The flaws of the Obamacare health insurance exchange have been widely publicized, and few probably expected the program to meet its target enrollment numbers during the first month.
The Wall Street Journal reported some new figures for 36 states Monday night, and claimed that fewer than 50,000 people successfully enrolled on the HealthCare.gov website. Data from the remaining states is expected later in the week.
Before the error-filled launch, the federal government expected up to 7 million people to enroll in the program by March 31. Americans will be required to enroll before December 15 if they want coverage to start on the first of the year, and all uninsured Americans will be required to have health insurance by March 31 or face a penalty.
Erin Shields Britt, a spokeswoman for the U.S. Department of Health and Human Services, indicated that the Wall Street Journal figures are not official. "We cannot confirm these numbers," she said. "More generally, we have always anticipated that initial enrollment numbers would be low and increase over time."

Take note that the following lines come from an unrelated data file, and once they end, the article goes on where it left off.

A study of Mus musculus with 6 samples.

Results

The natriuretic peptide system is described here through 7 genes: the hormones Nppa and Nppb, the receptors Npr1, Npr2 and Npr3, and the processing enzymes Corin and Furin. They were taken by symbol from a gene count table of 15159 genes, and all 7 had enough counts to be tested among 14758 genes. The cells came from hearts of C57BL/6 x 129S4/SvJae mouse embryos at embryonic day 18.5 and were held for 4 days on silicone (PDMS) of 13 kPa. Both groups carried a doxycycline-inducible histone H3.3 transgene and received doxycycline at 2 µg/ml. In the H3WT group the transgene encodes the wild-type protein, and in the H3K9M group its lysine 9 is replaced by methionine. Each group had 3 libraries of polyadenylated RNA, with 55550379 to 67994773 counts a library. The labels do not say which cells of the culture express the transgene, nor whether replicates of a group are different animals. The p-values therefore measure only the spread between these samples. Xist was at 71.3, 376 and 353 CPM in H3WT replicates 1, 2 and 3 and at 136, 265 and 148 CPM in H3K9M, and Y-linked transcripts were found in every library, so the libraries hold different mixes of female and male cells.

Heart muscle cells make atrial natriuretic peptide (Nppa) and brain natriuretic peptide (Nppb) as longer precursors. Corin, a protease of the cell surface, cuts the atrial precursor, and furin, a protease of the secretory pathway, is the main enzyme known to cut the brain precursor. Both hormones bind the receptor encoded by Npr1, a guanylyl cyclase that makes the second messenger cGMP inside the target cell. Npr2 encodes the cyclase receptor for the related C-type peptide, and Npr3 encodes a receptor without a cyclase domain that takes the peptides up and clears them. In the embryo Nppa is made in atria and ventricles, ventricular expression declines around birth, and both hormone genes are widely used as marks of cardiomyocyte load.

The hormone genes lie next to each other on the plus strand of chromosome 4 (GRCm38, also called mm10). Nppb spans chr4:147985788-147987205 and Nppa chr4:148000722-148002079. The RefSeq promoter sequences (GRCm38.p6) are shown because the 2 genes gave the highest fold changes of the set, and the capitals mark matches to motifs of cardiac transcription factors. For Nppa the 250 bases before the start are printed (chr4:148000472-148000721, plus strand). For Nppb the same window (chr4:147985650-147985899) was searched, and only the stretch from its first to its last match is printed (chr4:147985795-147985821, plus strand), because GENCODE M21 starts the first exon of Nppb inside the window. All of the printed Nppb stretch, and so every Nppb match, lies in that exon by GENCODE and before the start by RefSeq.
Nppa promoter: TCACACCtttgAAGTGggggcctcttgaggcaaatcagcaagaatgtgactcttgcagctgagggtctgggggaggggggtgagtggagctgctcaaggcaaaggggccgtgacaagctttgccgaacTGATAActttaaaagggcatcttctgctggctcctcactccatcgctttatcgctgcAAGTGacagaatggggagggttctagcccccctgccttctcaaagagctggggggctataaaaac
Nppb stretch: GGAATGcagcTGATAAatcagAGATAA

Republicans, who have notoriously opposed the Affordable Care Act, may now have more fuel for their criticisms. And as they struggle to overcome their tarnished image after the recent government shutdown, spurred by GOP refusal to fund Obamacare, right-wing politicians will likely not miss this opportunity to say, “I told you so.”
Utah Senator Orrin Hatch commented several days ago on speculation that only five DC residents had signed up for Obamacare.
“With numbers like these, it’s no wonder the Obama administration hasn’t wanted to release how many people have signed up for Obamacare,” he said. “With data from D.C.’s four participating health plans in, there’s been a whopping five people enrolled in the city’s exchange. That’s right – five. Whether it’s significant problems with the website, people being forced off the coverage they had or skyrocketing costs, these numbers are even more proof of what a disaster Obamacare is and why it should be delayed.”
Democratic officials have argued that Hatch’s figures do not accurately depict the demand.